Bernie Weallans, a 73-year-old woman from Brighton, has recently spoken to the BBC about how she went without receiving any state pension for years. After seeing recent articles about underpayments of the state pension to women, she got in touch with the former Pensions Minister about her case. She will now receive thousands in back-pay along with the regular state pension payments she should have been receiving for years.
Born in the Netherlands, Mrs Weallans did most of her paid work outside the UK and was told she was not entitled to any state pension. However, she was married to a British man for more than four decades and suspected there was a problem when she was first told she would not be entitled to a state pension.
Urging other women to look into their pension eligibility
Many people may have hidden state pensions, with many having no idea that they are entitled to something. Many people take what the Department of Work and Pensions (DWP) says as read and never look into it any further. However, as Mrs Weallans has proven, taking steps to investigate could mean many people recoup what they are owed.
Mrs Weallans had read about the recent mistakes that had come to light concerning pension underpayments for women across the UK over the years. She then got in touch with the former Pensions Minister, Steve Webb, now a consultant at LCP. She discovered that she had been entitled to a married woman's pension from when her husband had retired.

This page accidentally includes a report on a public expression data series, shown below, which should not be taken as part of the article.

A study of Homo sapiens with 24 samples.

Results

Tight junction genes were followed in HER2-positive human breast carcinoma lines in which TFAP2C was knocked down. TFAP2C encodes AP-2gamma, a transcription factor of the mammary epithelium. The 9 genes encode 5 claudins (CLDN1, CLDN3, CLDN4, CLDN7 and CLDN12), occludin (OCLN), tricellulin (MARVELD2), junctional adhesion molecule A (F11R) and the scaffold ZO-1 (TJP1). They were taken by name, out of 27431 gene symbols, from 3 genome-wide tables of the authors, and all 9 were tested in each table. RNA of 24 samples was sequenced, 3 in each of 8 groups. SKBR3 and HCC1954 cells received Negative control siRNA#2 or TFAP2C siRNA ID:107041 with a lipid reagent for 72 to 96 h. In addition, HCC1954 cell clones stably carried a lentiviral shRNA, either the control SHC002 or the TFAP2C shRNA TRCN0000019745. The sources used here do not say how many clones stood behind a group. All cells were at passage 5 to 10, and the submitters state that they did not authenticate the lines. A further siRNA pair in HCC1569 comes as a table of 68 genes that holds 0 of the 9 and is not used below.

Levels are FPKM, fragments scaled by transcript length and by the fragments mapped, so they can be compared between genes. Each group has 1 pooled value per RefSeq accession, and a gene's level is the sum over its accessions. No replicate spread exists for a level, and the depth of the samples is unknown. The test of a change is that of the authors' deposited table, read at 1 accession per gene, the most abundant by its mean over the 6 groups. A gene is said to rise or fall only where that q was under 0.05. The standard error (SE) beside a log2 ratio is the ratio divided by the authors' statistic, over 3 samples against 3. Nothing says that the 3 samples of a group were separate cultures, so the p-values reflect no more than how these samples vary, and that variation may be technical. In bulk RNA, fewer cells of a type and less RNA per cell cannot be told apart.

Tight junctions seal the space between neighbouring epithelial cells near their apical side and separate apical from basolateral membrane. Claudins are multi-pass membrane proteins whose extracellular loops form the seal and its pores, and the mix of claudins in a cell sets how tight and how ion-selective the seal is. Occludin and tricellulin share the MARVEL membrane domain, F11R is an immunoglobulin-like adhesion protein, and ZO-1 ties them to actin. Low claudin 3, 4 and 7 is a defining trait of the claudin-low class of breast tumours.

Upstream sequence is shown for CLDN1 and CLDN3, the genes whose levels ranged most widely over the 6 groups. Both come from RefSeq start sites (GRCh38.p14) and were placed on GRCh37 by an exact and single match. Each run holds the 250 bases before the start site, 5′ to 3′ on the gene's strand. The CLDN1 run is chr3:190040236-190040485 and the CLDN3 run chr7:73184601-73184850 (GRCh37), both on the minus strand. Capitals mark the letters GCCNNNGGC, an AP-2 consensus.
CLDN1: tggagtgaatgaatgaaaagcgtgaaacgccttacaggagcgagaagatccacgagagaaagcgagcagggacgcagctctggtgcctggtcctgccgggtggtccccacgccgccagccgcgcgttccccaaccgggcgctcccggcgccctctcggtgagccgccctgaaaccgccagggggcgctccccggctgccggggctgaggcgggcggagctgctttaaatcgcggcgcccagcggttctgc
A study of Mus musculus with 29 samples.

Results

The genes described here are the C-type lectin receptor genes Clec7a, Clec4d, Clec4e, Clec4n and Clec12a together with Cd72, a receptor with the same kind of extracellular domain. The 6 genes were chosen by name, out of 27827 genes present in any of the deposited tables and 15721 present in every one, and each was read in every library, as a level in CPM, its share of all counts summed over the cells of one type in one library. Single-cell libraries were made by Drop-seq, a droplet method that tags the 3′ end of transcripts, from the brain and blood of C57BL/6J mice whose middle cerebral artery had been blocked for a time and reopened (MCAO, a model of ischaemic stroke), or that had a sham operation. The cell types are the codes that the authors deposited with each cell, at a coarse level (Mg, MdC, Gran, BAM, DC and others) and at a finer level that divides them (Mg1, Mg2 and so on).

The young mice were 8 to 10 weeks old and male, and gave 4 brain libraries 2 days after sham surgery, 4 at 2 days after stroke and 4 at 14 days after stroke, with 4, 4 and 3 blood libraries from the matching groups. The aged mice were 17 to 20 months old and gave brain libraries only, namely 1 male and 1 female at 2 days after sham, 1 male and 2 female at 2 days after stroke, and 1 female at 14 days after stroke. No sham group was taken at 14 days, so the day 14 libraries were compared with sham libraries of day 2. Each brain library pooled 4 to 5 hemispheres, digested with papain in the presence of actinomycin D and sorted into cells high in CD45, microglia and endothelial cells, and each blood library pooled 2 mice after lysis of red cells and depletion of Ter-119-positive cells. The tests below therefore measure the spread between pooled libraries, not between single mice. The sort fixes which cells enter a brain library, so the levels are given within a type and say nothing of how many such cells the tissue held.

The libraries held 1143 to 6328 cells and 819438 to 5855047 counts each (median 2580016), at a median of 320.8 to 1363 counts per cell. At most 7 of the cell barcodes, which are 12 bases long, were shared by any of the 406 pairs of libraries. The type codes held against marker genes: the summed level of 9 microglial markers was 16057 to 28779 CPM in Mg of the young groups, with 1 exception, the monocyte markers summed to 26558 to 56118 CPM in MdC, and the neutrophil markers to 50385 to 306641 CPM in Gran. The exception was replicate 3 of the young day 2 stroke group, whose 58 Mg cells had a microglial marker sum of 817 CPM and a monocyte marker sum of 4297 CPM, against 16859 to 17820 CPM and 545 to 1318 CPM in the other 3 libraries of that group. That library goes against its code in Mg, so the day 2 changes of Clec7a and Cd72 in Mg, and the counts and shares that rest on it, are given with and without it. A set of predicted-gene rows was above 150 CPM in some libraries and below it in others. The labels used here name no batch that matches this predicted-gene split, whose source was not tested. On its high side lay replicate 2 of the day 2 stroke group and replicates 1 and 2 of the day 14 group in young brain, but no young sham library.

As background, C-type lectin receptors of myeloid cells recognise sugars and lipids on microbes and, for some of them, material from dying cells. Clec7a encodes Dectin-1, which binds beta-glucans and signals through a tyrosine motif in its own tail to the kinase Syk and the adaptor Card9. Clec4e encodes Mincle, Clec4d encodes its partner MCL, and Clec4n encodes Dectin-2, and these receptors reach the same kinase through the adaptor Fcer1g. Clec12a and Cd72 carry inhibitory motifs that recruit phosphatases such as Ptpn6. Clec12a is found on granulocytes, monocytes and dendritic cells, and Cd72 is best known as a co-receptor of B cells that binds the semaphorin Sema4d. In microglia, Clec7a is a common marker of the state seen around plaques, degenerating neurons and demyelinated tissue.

She will now receive the £82.00 per week she is entitled to along with around £20,000 in back-pay for the pension payments she missed out on. She said the money would help her enormously and is now urging other women to discover whether they have been missing out on state pension money they are entitled to.
Many owed vast sums of money
Research carried out by Mr Webb and LCP has shown that more than 100,000 people are not receiving any money when they are entitled to some level of state pension. This is often down to poor national insurance records, according to LCP.
Mr Webb said that it was shocking to see the number of seniors on zero pensions because of issues such as poor national insurance records, health barriers, or even language barriers.
He said, "The government needs to do much more to identify those who are on zero state pensions and to make sure that they draw the pension to which they are entitled."
Officials from the DWP have also urged those who believe they may be entitled to money to go onto the Gov.uk website and make an application so their case can be looked into.